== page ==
The Power of Forgiveness in the Story of St. Patrick

March 18, 2020 | 0 comments

Posted in: Thoughts and Reflections

Cassie, Ron. “St. Patrick: The Real Story Tops the Myth.” Baltimore Magazine: March 16, 2017

The story of St. Patrick begins with a young man named, Maewyn Succat, born not in Ireland, but in Northern Britain. When Maewyn was 16 years old, his home was invaded by Irish marauders, and he was captured, taken across the Irish Sea, and sold into slavery to a Druid chieftain. For six years, Maewyn remained in bondage to his Druid master.

It was in slavery that Maewyn converted to Christianity, through the witness of his fellow slaves. He changed his name to Patricius, or Patrick, as a mark of his conversion. In the sixth year of his bondage, Patrick had a dream in which he heard a voice telling him to flee Ireland. He ran from his master's land, stowed away on a ship, and made his way back to England.

Once in England, Patrick joined a monastery. For twelve years, he studied his Christian faith and engaged in daily prayer, finding in that faith, love for his former captors. He vowed to return to Ireland one day to convert the Druids to Christianity and to abolish the slavery and human sacrifice that he had seen while there.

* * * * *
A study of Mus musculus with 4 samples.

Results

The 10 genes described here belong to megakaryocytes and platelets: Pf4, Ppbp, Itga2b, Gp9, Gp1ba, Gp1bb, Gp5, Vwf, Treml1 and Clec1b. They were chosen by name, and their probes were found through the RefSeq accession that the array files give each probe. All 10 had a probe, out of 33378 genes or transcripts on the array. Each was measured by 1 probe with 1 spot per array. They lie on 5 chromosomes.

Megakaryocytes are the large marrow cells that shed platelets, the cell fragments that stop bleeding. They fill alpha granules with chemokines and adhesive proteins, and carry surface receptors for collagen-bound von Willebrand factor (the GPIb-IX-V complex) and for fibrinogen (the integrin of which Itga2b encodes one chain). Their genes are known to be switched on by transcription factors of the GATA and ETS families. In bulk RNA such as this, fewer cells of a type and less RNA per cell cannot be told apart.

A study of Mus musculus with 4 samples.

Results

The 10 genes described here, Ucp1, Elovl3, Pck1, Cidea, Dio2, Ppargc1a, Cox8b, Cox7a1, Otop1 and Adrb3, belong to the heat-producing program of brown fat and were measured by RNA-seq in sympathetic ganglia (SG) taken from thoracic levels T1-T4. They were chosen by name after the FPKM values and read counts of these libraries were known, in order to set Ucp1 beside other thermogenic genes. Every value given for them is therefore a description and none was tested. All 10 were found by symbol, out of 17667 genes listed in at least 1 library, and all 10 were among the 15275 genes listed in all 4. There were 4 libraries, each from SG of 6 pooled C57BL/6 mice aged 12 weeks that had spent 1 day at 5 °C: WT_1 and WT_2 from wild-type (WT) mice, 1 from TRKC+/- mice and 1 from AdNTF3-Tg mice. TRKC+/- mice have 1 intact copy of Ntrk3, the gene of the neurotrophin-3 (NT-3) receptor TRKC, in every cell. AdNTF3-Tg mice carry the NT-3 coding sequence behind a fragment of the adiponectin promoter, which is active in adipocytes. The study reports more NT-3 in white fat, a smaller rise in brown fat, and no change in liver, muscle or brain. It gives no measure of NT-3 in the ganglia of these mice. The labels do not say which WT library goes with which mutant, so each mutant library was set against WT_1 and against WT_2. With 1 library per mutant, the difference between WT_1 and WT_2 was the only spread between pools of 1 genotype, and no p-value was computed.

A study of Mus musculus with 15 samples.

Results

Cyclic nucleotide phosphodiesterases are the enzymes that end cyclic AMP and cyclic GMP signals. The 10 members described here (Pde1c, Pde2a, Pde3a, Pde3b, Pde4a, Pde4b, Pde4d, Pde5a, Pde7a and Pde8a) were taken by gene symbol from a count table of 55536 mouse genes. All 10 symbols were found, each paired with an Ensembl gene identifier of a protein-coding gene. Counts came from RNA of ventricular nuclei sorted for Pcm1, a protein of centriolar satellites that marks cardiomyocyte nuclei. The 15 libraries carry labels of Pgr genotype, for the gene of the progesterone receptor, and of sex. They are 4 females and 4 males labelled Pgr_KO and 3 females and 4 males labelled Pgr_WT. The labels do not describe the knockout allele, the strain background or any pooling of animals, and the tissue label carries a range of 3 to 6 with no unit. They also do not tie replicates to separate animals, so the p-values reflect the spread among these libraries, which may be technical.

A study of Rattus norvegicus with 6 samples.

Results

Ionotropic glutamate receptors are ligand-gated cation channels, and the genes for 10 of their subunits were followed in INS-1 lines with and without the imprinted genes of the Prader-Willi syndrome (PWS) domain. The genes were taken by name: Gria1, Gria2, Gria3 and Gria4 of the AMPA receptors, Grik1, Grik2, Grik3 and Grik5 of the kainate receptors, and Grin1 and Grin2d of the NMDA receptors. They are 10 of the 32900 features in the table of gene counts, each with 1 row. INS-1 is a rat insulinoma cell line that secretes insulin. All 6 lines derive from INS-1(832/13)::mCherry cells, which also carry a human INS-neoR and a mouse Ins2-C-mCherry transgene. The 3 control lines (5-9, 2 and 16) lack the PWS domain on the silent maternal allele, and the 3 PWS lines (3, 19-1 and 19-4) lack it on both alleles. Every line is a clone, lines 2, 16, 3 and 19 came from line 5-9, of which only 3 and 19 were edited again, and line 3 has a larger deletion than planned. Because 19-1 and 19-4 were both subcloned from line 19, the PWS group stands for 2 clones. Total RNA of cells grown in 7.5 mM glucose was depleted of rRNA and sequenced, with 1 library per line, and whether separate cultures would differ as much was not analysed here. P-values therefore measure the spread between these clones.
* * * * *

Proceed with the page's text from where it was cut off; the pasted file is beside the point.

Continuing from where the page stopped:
In AD 433, Patrick did just that. Against the wishes of his family, he returned to Ireland and began the slow work of baptizing the Irish pagans, ordaining priests, and building churches and monasteries. This work would last him the final thirty years of his life.

Amazingly, two of Patrick's writings survive: “Confessio,” a short, autobiographical account of his life, and “Letter to Coroticus,” in which Patrick chastised a marauding king for his soldiers’ brutality.

Perhaps not surprisingly given his own experience, Patrick became one of the earliest proponents of abolition in western civilization. In “Confessio,” he wrote that he was “humbled every day by hunger and nakedness” as he tended cattle in the Irish wilderness. In particular, Patrick condemned the treatment of female slaves in Ireland, noting the slave women’s bravery and resilience in the face of their daily persecutions.

The people of Ireland listened and responded. By Patrick’s death on March 17, 461, the Irish had ended their slave trade for good. The story of St. Patrick reminds us of what the forgiveness and love of a single man can do through the power of the Spirit!